Of all the people involved in court proceedings, no one understands the truly detrimental role that the CSI Effect can have on a case more than the judge. Judges see everyday the affect these popular television shows have on their juries. Judges see jurors with preconceived expectations of dynamic, exciting court proceedings. When this expectation is not reflected in reality, it’s likely that the experience of being a jury member and the sometimes tedious nature of the presentation of evidence will lead to jury members who are bored and disinterested.
This in turn affects the way the jury processes the information that’s being presented to them, because if in fact they are disappointed that their experience is not resembling what’s been reinforced on TV, then they may jump to improper conclusions about how one side or the other may be hiding certain results or concealing evidence.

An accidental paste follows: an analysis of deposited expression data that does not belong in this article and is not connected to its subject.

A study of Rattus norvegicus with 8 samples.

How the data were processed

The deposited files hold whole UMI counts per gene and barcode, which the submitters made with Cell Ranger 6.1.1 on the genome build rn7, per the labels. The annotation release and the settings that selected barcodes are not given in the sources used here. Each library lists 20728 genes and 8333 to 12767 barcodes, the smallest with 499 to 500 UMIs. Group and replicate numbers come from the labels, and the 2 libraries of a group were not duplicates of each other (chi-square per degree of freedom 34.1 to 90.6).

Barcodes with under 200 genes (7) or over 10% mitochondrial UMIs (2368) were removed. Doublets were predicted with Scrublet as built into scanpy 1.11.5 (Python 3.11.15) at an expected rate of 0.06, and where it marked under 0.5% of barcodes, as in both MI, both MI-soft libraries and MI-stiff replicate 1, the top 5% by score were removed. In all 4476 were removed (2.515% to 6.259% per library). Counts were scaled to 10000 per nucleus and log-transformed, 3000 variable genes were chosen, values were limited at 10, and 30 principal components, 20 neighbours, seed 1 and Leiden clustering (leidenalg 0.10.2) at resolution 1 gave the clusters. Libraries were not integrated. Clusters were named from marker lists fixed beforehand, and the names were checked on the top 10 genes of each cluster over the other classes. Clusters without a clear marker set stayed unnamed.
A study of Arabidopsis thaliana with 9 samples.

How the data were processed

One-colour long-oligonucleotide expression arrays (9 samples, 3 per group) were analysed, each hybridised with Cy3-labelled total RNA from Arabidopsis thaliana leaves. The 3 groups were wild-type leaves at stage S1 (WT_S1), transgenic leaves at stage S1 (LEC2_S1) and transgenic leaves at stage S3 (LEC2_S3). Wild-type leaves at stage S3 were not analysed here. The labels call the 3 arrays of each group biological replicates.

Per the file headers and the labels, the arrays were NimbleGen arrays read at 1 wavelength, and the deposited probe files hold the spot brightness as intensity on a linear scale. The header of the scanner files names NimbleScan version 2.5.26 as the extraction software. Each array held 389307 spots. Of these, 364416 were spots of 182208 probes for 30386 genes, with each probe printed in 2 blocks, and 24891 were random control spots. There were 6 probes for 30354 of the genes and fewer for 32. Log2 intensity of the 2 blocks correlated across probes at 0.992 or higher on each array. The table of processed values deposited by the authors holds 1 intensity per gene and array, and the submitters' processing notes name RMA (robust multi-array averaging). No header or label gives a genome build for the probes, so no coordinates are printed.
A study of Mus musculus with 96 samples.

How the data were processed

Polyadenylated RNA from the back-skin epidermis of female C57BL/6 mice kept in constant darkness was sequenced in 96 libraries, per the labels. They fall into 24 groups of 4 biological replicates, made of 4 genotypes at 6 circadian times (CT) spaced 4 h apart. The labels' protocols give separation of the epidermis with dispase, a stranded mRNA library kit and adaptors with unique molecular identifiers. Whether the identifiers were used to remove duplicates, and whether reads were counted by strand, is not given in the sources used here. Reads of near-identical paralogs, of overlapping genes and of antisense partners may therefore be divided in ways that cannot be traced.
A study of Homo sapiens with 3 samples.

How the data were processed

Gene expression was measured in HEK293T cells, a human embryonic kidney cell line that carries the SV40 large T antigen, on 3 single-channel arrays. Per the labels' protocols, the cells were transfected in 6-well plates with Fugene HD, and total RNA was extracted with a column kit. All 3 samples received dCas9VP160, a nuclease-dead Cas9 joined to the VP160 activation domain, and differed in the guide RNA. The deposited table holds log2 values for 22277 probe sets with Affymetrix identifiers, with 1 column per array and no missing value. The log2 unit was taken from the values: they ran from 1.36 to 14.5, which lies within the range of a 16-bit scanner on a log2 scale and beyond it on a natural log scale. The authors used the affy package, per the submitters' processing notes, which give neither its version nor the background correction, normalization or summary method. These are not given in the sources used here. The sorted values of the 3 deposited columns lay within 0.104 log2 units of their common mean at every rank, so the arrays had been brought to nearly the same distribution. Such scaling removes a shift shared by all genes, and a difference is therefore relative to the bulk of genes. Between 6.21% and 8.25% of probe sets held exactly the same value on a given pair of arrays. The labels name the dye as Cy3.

A judge requires jury members to be attentive and focused to ensure a fair trial. Therefore, judges, prosecutors, and defense attorneys should make sure to bring up the CSI Effect during jury selection. This entails asking potential jurors questions about their exposure to these television shows, as well as their knowledge of the criminal justice system, in order to properly gauge whether they have a good grasp of what’s real and what’s not.
Judges also know that in situations where scientific evidence or forensic audio or video evidence is presented, jurors tend to perk up and pay a bit more attention. However, as we discussed in our previous blog, the use of forensic evidence can backfire if it is not properly presented in an easy-to-understand way. If an expert witness gives unclear testimony and is not fully prepared for the cross examination, this will cause jurors to become confused and distrust the side giving the presentation.
The prevalence of forensic evidence in the courtroom will only continue to grow, and the popularity of television shows based on forensic science remains strong. Therefore, it’s important that judges stay cognizant of the jury issues that are a result of this phenomenon.